Dolphin funeral draws hundreds of humans, but no other dolphins
Dolphin funeral: Attendees to the burial of a well-known bottlenose dolphin in New Zealand numbered in the hundreds, but they were exclusively human, a consequence of the ceremony being held on dry land.
Wellington, New Zealand — Hundreds of mourners Friday marked the death of a teenage bottlenose dolphin who won hearts and sometimes annoyed New Zealand swimmers and surfers with his boisterous antics.
Moko's body, placed in a blue coffin bedecked with flowers, was carried through a seaside town.
After a ceremony that drew more than 400 admirers, his casket was loaded on a charter boat that toured his favorite bays. He was buried privately on Matakana Island, where his carcass was found one week ago.
For three years, Moko was a familiar sight around the beaches of New Zealand's eastern coastal city of Gisborne, where he swam among beach-goers and stole balls and surf boards. He received worldwide fame in 2008, when he guided two stranded pygmy sperm whales back to deep waters.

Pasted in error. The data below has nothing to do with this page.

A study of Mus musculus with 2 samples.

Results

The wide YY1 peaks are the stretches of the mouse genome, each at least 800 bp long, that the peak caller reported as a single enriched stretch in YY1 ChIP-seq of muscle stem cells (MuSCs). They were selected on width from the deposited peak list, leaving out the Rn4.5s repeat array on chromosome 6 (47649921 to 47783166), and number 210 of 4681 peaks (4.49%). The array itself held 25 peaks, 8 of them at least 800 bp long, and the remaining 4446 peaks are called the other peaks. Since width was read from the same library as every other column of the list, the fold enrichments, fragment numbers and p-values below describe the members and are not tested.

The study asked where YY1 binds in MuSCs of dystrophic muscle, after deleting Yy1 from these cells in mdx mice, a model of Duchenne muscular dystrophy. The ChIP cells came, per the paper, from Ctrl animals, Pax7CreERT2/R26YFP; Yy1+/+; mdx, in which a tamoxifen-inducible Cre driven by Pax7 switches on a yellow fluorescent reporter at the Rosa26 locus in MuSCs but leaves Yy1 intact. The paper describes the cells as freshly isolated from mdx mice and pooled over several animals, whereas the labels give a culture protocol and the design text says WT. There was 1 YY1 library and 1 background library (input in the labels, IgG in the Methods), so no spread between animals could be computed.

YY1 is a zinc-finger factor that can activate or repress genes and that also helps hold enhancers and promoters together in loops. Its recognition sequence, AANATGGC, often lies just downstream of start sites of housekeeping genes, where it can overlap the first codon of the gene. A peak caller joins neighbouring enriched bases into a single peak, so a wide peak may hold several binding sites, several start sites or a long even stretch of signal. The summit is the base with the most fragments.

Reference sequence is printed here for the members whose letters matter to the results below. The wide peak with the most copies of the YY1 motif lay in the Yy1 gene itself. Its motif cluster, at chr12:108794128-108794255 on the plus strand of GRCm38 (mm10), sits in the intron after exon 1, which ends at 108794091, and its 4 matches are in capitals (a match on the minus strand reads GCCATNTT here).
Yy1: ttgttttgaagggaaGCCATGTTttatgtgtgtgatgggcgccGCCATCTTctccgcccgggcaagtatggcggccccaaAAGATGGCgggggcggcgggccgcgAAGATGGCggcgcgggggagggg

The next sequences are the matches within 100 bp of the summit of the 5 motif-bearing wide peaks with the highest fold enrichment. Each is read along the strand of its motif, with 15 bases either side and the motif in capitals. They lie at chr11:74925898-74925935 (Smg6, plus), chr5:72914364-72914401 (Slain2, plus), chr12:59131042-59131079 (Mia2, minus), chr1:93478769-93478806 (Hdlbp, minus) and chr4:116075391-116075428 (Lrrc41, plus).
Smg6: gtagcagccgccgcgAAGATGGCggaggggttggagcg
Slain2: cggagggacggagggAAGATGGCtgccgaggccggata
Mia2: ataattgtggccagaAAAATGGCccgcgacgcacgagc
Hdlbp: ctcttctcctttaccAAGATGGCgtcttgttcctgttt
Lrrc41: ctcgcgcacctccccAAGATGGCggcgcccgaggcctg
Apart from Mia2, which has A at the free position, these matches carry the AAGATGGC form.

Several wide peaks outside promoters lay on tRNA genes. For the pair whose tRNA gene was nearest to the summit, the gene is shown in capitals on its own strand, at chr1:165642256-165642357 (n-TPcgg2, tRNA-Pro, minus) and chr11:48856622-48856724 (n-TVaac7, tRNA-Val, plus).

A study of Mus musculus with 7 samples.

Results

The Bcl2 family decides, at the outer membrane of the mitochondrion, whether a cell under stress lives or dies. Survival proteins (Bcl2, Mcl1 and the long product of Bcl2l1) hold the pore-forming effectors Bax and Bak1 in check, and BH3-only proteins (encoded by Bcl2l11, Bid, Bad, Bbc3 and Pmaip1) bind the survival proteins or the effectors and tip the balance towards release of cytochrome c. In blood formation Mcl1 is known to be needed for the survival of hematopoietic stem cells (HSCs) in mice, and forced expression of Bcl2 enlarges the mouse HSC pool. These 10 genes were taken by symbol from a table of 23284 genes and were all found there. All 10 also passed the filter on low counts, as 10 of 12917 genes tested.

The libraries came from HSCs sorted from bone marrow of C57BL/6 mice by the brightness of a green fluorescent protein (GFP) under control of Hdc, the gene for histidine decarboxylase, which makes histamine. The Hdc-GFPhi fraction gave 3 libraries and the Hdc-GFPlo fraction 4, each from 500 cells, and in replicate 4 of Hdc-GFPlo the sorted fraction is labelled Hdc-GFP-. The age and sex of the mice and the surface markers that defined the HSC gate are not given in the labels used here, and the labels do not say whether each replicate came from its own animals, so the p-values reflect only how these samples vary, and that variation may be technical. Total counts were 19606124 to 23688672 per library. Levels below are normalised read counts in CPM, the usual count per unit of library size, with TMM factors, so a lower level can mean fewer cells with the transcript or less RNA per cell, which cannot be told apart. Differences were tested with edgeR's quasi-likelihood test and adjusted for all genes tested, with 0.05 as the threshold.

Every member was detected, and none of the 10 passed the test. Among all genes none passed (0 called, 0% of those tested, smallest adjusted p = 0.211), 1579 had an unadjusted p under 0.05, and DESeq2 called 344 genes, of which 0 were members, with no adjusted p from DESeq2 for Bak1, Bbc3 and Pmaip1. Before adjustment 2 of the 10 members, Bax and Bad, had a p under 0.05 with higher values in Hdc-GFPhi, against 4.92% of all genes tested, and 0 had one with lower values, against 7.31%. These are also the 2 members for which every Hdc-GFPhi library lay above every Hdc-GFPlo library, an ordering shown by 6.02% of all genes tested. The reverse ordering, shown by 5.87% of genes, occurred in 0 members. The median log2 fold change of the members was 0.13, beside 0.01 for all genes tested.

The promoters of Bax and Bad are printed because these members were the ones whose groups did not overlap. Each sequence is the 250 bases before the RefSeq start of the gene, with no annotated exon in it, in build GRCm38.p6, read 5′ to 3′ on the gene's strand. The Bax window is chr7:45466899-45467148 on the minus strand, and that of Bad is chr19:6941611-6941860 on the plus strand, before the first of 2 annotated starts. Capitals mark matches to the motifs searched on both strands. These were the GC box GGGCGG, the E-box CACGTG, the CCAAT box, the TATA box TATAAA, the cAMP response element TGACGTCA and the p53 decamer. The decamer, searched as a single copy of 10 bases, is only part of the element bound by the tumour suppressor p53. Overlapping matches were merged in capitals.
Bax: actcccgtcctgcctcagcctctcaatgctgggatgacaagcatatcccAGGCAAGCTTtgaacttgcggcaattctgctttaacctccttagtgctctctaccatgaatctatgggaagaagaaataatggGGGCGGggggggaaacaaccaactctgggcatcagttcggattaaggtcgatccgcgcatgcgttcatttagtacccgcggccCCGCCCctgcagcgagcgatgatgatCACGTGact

Not everyone was charmed, though. Moko was known for pushing surfers out to sea, even leaving one woman stranded on a buoy when he stole her board. He also overturned kayakers and water skiers.
Moko's body was found a week ago on a beach on Matakana Island. The cause of death has not been determined, but post mortems have ruled out deliberate violence or a boat collision.
Initially, indigenous Maori contested the right to determine how and where Moko should be buried. They agreed after negotiations with New Zealand's Ministry of Conservation to lay him to rest on Matakana.
Sand from his gravesite will be exchanged with sand from the Mahia peninsula on the North Island, which local Maori say will convey his spirit to the mainland.
Friday's service was hosted by elders of a local tribe and involved prayers and speeches of remembrance.
Kirsty Carrington, who was appointed one of Moko's official minders, described the dolphin as a "best mate and confidante."